Benfica confident Eriksson on his way

Ian Herbert,Jason Burt
Friday 09 May 2008 00:00 BST
The Manchester City manager, Sven Goran Eriksson, is not as convinced about taking over at Benfica as the Portuguese club may believe
The Manchester City manager, Sven Goran Eriksson, is not as convinced about taking over at Benfica as the Portuguese club may believe

Benfica are privately extremely confident that they have persuaded the Manchester City manager, Sven Goran Eriksson, to sign for them after their meeting with him in Manchester on Wednesday. Sources in Portugal suggested yesterday that the club's refusal to discuss the meeting owes as much to their reluctance to jeopardise Eriksson's pursuit of severance pay as to an uncertainty about securing his services on an annual salary of £1.8m and they believe that only a counter-offer from a bigger club qualified for next season's Champions League will now dissuade him.

That is a real possibility. Valencia are also seeking a manager after Ronald Koeman's sacking and Eriksson's first Premier League season has done nothing to damage his own reputation. Failing to sign Eriksson would be a calamity for Benfica's president, Luis Filipe Vieira, who, Eriksson may not be best pleased to hear, is understood to have tipped off the Portuguese TV crew which captured the participants of Wednesday's meeting to show how hard he is working to find a new coach.

Vieira's popularity is at an all-time low following a poor season by his club's standards. His two-pronged strategy to shore up his own image includes pursuing Eriksson, a legend at the club for whom he delivered three league titles, plus European Cup and Uefa Cup finals, and elevating the legendary midfielder Rui Costa to director of football after his last game for the club on Sunday.

Though the SIC TV station's official line yesterday was that its crew had arrived in Manchester to undertake a Cristiano Ronaldo film, the absence of a reporter for the task in hand rather gave the game away and it is understood that the station was tipped off on condition that the footage was not screened until Wednesday evening, by which time discussions had been completed.

Benfica's only public utterance on the subject yesterday was their declaration to the Lisbon Stock Exchange that they had opened preliminary discussions with Eriksson, though they said that these had not included a contract, despite the presence at Manchester's Radisson Edwardian hotel on Wednesday of Paulo Goncalves – the club's lawyer. The club's brief statement to the Stock Exchange stated that "so far, no contractual details – pay and length of contract – have been discussed."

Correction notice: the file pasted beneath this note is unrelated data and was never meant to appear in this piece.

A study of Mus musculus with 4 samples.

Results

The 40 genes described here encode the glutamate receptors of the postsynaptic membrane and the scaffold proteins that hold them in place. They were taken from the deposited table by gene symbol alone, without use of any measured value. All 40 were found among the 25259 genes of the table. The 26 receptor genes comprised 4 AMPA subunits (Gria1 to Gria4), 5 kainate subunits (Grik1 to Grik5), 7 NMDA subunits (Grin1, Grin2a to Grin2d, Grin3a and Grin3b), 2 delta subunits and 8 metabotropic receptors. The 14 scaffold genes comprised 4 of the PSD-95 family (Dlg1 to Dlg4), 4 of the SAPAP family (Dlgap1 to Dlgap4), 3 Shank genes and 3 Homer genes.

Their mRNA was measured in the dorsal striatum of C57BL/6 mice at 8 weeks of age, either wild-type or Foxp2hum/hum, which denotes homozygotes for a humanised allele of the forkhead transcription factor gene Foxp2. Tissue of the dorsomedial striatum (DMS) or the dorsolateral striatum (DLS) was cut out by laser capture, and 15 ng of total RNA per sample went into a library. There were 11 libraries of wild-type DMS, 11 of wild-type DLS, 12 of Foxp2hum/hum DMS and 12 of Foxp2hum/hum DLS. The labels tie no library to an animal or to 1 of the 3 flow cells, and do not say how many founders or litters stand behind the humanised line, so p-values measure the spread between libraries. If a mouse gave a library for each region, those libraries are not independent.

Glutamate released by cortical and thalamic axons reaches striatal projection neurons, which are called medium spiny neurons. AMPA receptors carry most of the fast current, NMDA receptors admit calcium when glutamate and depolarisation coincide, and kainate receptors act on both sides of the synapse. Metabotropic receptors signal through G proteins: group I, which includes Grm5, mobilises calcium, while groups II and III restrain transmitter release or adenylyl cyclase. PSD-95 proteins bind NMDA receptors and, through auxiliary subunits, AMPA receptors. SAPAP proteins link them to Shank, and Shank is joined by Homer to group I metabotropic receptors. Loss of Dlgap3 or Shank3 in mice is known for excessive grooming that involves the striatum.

Despite Benfica's confidence, Eriksson has told friends that he is unsure about the offer and, though his agent, Athole Still, said last week that the Benfica berth was a possibility, his advisers certainly believe his experience and the job he has done at City mean other offers may follow. He will need no reminding that the task of transforming Benfica into a power to match their main Portuguese rivals Porto will not be an easy one.

The club will this weekend conclude one of their most disappointing seasons ever, during which they have had three coaches. The caretaker coach Fernando Chalana, a former player, has been in charge for the past two months. Unless rival clubs lose, Benfica will probably finish fourth in the league, only the fourth time in their history they have finished outside the top three.

With Eriksson's departure looking increasingly probable, the list of managerial jobs with which he is being linked is growing by the day. The latest yesterday was the Mexico post vacated by the sacked Hugo Sanchez. Coaches ranging from Javier Aguirre, Jose Pekerman and, almost inevitably, Luiz Felipe Scolari have been linked with that job, although Eriksson is not thought to harbour any desire to re-enter the international scene.

While the Swede ponders a future outside of Manchester, Thaksin Shinawtra may have his work cut out finding a replacement. Amid fears that Luiz Felipe Scolari may simply be using Manchester City's offer to generate an improved deal from the Portuguese Football Federation, Thaksin has the Croatia manager, Slaven Bilic, in his sights as a back-up option to replace Eriksson.

A feeling persists in Portugal that Scolari has no intention of swapping his popularity in a country whose climate suits him for the pressure of Thaksin's Manchester project.

That is why Bilic is still on the City owner's radar, despite the fact that he has just signed a new two-year contract under which his salary will double.